Tuesday, December 19, 2006

The Christian life is jazz.

I probably have Quakersauer over at Friendly Skripture Study to thank for pointing me towards, Faith and Theology , a self-described Barthian blog. It's a bit -- no, a lot -- more academic in orientation than I am able to comprehend; most of the references are unknown to me.

Nevertheless, my recent immersion in the life and writings of William Stringfellow -- who, as a young lay theologian during Karl Barth's 1962 tour of the U.S. was singled out by Barth as one of the few who really got what he was saying -- gives me appreciation for at least some of what I read there.

Today, there's a particularly interesting essay entitled Ten Thoughts on the Literal and the Literary that that addresses much more powerfully the point I tried to make in my last post about how art can convey Truth better than most intellectual discourse. There is a particulary interesting though brief thought on something called "virtue ethics" that struck home, and about which I'd like to learn more.

The whole essay is worth reading, but here are a few tantalizing excerpts:

The more literal, the less literary a person is likely to be – and vice versa. . . . To plagiarise Paul, the literal crucifies, the literary resurrects: meaning walks through closed doors. “Tell all the Truth but tell it slant” Emily Dickinson).
* * *
Fundamentalist ethics are rule-based, and the answers to moral problems are found, decontextualised, at the back of the (good) book. Jesus’preferred method of ethical instruction, however, is the parable, “subversive speech” (William R. Herzog II). Indeed Richard B. Hays argues that a “symbolic world as context for moral discernment” is fundamental to the entire New Testament. “The kingdom of God is like this.” Enter the story, work it out – then act it out!
* * *
Rules are not excluded, but they function heuristically, as “perspicuous descriptive summaries of good judgments” (Martha Nussbaum), to inculcate habits appropriate to the development of Christ-like character. Moral theology works best when it tells the stories of the saints. Virtue ethics is narrative ethics,where the script is unfinished and improvisation is essential. The Christian life is jazz.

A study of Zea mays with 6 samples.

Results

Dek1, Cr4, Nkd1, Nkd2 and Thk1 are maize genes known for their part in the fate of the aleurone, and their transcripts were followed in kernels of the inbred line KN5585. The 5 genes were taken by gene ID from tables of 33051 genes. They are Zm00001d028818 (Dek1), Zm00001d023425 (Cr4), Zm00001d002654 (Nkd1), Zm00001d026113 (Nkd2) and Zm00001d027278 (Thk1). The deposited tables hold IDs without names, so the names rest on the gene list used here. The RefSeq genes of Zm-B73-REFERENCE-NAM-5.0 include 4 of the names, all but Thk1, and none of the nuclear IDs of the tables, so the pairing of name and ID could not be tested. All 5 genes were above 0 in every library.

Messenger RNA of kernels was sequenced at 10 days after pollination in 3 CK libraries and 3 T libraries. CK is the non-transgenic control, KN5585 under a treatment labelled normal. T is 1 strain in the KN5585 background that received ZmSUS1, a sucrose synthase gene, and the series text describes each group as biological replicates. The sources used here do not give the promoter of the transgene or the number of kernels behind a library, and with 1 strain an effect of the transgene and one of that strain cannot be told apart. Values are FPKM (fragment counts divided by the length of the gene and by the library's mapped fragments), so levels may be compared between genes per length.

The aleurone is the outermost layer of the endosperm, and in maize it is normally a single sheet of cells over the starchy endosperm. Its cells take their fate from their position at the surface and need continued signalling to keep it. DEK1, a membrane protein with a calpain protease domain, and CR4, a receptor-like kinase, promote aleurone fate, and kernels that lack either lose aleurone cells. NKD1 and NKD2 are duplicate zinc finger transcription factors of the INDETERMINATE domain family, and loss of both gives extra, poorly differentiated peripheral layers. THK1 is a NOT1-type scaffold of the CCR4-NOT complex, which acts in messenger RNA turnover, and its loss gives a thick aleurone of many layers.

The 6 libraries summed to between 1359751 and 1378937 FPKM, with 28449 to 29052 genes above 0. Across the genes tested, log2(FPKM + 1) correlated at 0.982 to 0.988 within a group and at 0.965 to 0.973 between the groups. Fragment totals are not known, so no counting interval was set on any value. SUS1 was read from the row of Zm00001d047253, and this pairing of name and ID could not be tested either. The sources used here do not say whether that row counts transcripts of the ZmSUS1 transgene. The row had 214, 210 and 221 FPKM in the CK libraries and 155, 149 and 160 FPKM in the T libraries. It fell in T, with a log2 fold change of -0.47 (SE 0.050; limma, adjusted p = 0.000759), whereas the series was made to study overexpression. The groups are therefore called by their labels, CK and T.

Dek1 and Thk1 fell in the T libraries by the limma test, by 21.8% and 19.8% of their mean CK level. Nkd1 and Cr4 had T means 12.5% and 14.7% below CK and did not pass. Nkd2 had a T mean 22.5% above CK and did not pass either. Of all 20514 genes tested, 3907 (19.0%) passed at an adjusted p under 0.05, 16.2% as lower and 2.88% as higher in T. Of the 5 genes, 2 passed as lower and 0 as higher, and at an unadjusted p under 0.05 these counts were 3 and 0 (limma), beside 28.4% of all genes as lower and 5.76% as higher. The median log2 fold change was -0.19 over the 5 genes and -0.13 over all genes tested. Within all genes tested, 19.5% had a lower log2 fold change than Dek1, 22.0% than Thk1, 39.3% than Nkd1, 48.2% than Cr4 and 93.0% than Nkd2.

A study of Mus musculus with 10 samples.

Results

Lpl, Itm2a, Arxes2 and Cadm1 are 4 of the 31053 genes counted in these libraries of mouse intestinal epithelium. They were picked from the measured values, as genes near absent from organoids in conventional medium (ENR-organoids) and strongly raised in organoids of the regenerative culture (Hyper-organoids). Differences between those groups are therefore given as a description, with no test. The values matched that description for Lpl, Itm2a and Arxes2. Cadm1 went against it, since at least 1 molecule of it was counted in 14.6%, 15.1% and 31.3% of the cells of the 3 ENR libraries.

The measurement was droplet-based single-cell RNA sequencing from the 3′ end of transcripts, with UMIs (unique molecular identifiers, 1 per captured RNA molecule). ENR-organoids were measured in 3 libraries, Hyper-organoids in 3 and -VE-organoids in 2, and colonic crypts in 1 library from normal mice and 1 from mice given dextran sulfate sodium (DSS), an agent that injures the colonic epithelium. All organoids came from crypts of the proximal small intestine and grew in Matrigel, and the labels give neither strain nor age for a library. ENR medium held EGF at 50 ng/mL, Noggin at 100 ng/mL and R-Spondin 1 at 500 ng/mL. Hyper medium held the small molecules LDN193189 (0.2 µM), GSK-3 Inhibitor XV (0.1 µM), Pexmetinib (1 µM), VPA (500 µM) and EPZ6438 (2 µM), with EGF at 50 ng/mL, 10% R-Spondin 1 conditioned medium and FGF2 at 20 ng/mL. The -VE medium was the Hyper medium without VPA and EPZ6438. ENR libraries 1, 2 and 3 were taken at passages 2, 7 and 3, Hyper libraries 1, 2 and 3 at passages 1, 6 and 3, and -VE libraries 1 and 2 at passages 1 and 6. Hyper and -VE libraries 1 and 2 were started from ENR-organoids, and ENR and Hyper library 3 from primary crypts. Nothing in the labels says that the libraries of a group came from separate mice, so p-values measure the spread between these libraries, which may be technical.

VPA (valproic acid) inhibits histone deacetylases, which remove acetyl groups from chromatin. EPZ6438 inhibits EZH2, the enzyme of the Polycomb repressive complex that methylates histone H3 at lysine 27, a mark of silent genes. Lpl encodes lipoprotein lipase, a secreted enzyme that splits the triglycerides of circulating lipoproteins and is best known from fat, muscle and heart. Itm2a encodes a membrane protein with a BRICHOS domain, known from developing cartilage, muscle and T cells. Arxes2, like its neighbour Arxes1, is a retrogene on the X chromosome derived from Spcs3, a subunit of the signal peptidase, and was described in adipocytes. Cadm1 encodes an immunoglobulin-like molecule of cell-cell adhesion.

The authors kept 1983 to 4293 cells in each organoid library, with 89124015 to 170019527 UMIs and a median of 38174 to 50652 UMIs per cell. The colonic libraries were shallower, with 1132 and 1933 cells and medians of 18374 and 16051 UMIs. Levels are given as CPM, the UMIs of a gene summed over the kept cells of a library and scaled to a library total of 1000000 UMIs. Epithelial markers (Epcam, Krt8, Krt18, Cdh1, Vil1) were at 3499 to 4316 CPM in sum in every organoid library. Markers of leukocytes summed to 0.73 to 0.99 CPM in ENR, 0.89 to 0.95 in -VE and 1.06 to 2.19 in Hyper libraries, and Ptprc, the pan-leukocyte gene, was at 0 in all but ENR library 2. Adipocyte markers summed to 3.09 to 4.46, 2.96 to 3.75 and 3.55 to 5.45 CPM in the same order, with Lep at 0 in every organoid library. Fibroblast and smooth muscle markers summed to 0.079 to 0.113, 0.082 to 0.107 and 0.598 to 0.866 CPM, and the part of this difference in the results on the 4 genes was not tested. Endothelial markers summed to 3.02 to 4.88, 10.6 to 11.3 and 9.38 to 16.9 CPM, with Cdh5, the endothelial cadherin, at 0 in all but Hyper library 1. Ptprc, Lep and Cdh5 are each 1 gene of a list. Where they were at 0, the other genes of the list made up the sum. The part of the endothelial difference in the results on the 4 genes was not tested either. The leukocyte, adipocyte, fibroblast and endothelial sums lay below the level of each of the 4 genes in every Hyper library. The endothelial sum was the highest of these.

* * *
One of the great filmic send-ups of biblical literalism: the opening scene of Monty Python’s Life of Brian. The camera pans to Jesus preaching the Sermon on the Mount, and then to a group at a distance where our Lord’s voice doesn’t quite carry. “Blessed are the cheese makers,” one character hears. “What’s so special about the cheese makers?” asks a woman. “Obviously it is not to be taken literally,” her husband replies; “it refers to any manufacturer of dairy products.”
* * *
If we are ignorant of science we lapse into Idiocy 101-102: Creationism; or Imbecility 201-202: Intelligent Design. But if we are ignorant of literature, mere ignorance becomes downright dangerous – witness the nonsensical interpretations of biblical apocalypse by the religious right and its pernicious influence on American foreign policy in the Middle East.

I like this. It changes the question from "What do you think?" to "What's your story?"

1 comment:

Dave Carl said...

This theme of telling a story is one that somehow keeps popping into my awareness lately. I actually started to do that in MfW recently, and it felt so powerful that... well, I chickened out and kept it to myself! But maybe that's an indication that this is the right track. Its something I'd like to continue to explore.

As for improvisational jazz, its not something you hear a lot on the banjo --but I'm sure you could manage it!